Smokers face two to four-fold higher risk of heart disease compared to non-smokers

Modern India is facing the rising burden of heart diseases – No other disease kills more Indians than cardiac ailments. Heart disease has emerged as the deadliest killer in both Indian males and females. In India, nearly 52% of heart disease-related deaths occur in people below the age of 70 years.1 This increasing burden can be explained by the alarming rise in the increased prevalence of smoking – one of the major risk factors for heart disease. In the current pandemic situation, quitting smoking is the most important step as this habit increases your risk of Covid-19 infection. Most important, the mortality rates of Covid-19 are higher among patients with heart disease and other co-morbidities which are directly related to smoking. This indicates that smoking cessation should be taken as an immediate action by current smokers to keep themselves heart strong 2

Most Indians start smoking early, increasing the risk of heart disease at a young age.3 Daily cigarette smoking in India is about 6% and prevalence of smoking increases with age.In total, 63% of cigarette smokers smoke every day. On an average, tobacco use accounts for 449,844 deaths in India each year –that’s 16% of all heart disease deaths in India.4 Studies have also established a significant association of cigarette smoking with coronary heart disease and stroke.5

According to a study, cigarette smoking is associated with a two to four-fold increased risk of heart-related problems, a greater than 70% excess rate of death from heart disease. Not only this, smokers have an elevated risk of sudden death.6 It is truly remarkable that smoking – one single risk factor which is preventable – accounts for so many deaths in India. The study highlights the need for immediate action in this much-neglected field. Controlling tobacco use is extremely important to improve health outcomes among people in India. Failure to do so would result in compromised heart health of Indians.


What smoking does to your heart health

Smoking cigarette changes your blood chemistry and leads to the formation of plaque, a waxy substance comprised of fat, cholesterol, calcium, and other material in the arteries. The arteries that carry blood to the heart muscle are narrowed by plaque or blocked by clots, which leads to heart disease. Cigarette smoke contains chemicals that thicken the blood and forms clots inside veins and arteries. So, it becomes more difficult for blood cells to move through arteries and other blood vessels to the heart and other vital organs. This ultimately leads to heart attack or stroke, even death.7 So, it’s clear that the best way to reduce their risk of heart diseases and stay heart strong  is to quit smoking as soon as possible.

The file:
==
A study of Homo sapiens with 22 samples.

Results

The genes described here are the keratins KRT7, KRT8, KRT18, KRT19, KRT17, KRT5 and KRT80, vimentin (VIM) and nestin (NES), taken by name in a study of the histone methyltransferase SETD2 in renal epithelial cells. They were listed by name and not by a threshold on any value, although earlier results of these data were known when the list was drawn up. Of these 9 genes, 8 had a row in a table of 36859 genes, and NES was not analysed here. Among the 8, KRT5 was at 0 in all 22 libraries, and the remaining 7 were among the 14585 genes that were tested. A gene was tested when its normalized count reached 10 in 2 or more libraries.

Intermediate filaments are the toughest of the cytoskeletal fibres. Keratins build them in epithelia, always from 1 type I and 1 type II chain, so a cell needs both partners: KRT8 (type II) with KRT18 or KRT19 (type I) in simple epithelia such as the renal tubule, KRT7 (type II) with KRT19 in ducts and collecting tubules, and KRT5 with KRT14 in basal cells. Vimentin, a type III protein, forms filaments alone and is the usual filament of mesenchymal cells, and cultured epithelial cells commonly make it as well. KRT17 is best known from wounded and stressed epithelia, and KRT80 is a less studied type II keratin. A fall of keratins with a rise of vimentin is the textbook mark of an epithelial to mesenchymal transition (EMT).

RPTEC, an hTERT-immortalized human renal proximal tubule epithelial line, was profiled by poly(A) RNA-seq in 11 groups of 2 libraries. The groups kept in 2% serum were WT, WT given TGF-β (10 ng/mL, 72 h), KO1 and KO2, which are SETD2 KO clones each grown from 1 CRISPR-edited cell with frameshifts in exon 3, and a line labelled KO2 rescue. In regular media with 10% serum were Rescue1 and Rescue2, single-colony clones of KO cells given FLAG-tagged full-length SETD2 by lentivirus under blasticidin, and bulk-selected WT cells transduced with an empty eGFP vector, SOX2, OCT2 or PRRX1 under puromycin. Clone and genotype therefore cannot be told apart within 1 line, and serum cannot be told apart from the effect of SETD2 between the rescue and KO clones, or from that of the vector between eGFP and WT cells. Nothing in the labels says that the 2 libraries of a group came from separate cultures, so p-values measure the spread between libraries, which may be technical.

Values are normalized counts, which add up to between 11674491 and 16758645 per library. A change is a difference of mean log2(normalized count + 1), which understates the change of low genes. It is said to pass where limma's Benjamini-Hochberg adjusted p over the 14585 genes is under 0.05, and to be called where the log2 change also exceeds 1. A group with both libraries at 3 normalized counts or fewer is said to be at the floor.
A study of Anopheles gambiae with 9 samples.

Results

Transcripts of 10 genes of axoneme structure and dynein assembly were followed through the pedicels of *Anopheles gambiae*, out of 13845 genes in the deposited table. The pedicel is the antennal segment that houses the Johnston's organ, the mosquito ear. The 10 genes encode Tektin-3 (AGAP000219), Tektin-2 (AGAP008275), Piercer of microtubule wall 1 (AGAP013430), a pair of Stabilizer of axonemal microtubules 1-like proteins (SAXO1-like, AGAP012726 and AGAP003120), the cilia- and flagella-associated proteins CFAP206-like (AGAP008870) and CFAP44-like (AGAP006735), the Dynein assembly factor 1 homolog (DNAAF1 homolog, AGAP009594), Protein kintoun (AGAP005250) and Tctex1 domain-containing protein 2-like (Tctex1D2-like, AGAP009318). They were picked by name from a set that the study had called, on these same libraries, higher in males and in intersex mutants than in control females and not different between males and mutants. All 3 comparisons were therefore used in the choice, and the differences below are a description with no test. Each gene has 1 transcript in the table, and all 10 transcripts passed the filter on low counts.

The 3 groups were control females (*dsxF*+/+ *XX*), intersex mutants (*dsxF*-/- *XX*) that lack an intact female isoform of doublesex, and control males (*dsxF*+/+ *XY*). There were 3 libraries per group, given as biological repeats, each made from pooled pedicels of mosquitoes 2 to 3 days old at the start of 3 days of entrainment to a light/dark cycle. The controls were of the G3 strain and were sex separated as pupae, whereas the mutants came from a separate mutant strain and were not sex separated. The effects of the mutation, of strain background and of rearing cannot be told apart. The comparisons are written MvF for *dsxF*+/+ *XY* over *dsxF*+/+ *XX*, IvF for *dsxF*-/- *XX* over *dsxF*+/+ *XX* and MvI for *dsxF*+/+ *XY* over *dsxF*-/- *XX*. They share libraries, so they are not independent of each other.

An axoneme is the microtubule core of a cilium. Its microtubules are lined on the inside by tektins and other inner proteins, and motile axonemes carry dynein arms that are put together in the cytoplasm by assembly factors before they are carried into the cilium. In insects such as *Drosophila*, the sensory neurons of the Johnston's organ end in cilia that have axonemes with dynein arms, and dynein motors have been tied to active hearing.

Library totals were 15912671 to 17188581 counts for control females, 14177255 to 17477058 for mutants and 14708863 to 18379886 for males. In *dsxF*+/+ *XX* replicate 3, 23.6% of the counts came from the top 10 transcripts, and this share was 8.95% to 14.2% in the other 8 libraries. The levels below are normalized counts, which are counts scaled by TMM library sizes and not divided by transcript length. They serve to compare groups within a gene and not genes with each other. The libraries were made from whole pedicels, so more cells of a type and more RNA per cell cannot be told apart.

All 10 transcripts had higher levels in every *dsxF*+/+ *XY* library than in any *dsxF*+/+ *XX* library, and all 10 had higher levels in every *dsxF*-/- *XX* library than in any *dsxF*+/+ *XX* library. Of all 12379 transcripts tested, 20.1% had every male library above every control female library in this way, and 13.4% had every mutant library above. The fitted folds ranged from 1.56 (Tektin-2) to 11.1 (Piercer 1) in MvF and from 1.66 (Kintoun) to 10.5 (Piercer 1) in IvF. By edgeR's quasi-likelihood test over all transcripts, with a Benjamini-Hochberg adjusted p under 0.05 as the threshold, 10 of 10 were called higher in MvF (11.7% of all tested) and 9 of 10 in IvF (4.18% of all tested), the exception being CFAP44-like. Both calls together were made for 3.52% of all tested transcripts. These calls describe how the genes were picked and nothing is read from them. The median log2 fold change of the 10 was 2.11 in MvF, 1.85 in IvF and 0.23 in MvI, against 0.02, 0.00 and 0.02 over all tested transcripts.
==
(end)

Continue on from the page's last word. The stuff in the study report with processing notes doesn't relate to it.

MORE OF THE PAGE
Quitting smoking has fast-acting heart health benefits

“The harms of smoking go beyond your lungs it’s your heart that suffers the most. Whether you smoke occasionally or you are a lifetime pack-a-day smoker, quitting gives you immediate health benefits. Even extremely light smoking — as little as one cigarette a day — can increase a person’s risk of heart attack and stroke and should be avoided. If you’re a heavy smoker with a 20-pack-a-year smoking history but decide to quit now, you can reduce the risk of cardiovascular disease (CVD) by 39% within five years. Just 20 minutes after you quit smoking, your heart rate drops. And as you quit smoking completely the cardiovascular system begins to heal relatively quickly,” 8 says Dr. G P Ratnaparki, Interventional Cardiologist, Mumbai

According to World Health Organization (WHO), almost 80% of premature heart diseases and strokes are preventable through timely action. Controlling risk factors such as smoking, increased blood sugar levels and obesity and exercising regularly are among the most important ways to keep you heart strong.

Smoking has a negative effect on glucose control and  it increases the risk of complications by two to four times amongst diabeticssays Dr Shubhashree Patil, Diabetologist, Mumbai.

She added, “Since diabetes is also a risk factor for heart disease, a diabetic person should avoid the additional risk contributed by smoking. A diabetic person should quit smoking in order to minimize the chances of developing diabetic complications and heart diseases. It definitely helps if one is routinely monitoring blood pressure, cholesterol levels and other risk factors to make sure these are well controlled. Weight control is extremely important during smoking cessation. The efforts should be continued even after quitting the smoking to prevent uncontrolled diabetes and minimize the risk of heart diseases”.